Stanley Hauerwas has written a lot of book over the years, so I haven't read them all, but I don't think there's one out there that's more accessible than Hannah's Child. It's a memoir that he can't help but do in his own style, and a story of how a working-class child of a bricklayer entered and negotiated the strange world of academics. It's sad and funny, smart and humble. I think Christians should read it, and academics should read it ... so Christian academics should read it twice. It makes me want to reread especially his Gifford Lectures and his book on academia (The State of the University).
"Creation is not 'back there,' though there is a 'back there' character to creation. Rather, creation names God's continuing action, God's unrelenting desire for us to want to be loved by that love manifest in Christ's life, death, and resurrection." p. 158 (I just note this is one of the few times Hauerwas uses the word 'love' instead of his preferred 'friendship', which he usually opts for because the former has been so devalued by common use.)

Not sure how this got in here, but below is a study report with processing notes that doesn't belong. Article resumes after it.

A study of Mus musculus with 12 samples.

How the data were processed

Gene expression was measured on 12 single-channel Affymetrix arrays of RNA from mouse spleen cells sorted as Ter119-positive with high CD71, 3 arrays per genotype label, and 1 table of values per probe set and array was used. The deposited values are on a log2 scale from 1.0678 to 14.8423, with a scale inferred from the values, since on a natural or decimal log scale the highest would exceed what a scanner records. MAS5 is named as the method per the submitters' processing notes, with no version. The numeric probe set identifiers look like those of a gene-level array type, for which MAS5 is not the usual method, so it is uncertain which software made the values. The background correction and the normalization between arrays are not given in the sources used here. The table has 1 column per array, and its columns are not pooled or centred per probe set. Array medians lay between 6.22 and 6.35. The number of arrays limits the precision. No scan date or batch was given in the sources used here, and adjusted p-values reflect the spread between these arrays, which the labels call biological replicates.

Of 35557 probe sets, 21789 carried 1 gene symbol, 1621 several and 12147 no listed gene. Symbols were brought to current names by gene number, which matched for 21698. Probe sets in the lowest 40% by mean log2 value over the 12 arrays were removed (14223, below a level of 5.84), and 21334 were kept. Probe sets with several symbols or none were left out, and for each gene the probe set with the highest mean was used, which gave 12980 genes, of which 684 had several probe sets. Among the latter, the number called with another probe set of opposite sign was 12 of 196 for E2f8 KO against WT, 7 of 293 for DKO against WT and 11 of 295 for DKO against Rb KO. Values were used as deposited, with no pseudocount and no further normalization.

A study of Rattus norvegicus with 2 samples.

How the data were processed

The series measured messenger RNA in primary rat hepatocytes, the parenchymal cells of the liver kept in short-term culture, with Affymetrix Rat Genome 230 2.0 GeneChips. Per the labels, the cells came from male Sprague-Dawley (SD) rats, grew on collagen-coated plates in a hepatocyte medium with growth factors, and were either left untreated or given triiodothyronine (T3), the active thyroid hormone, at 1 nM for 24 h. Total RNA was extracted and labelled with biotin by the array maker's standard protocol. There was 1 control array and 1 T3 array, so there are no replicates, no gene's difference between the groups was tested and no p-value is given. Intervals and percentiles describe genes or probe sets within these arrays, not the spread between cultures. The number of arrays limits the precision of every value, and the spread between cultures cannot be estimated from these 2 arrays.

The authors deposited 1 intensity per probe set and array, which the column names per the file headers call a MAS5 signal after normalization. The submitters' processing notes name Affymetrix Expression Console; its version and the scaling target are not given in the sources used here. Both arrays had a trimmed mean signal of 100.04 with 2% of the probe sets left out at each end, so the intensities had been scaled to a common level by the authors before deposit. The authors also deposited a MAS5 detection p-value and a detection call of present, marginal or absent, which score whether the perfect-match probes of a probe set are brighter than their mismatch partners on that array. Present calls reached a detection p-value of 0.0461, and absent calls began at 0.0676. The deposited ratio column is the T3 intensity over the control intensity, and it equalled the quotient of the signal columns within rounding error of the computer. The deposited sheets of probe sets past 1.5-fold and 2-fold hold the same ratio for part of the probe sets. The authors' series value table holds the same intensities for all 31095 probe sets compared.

"Dennis's 'vision' for the school, as far as I could tell, assumed that the church's primary role, a role enshrined in the Methodism of the 1950's, was to support those who think they run the world. In contrast, I wanted a church capable of reminding those who think they run the world that they are in the grip of a deep delusion." p.231
"Moreover, I do not trust intentional communities or people associated with them. They have to spend too much time reinventing the wheel. But Jon makes the Church of the Servant King in Eugene work. The church works because Jon does not have a pious bone in his body, so he and the church know they are no 'ideal.' The community stays healthy because with Jon at their center they have an appropriate sense of humor." p. 248 -- and I hope this describes my church and pastor too.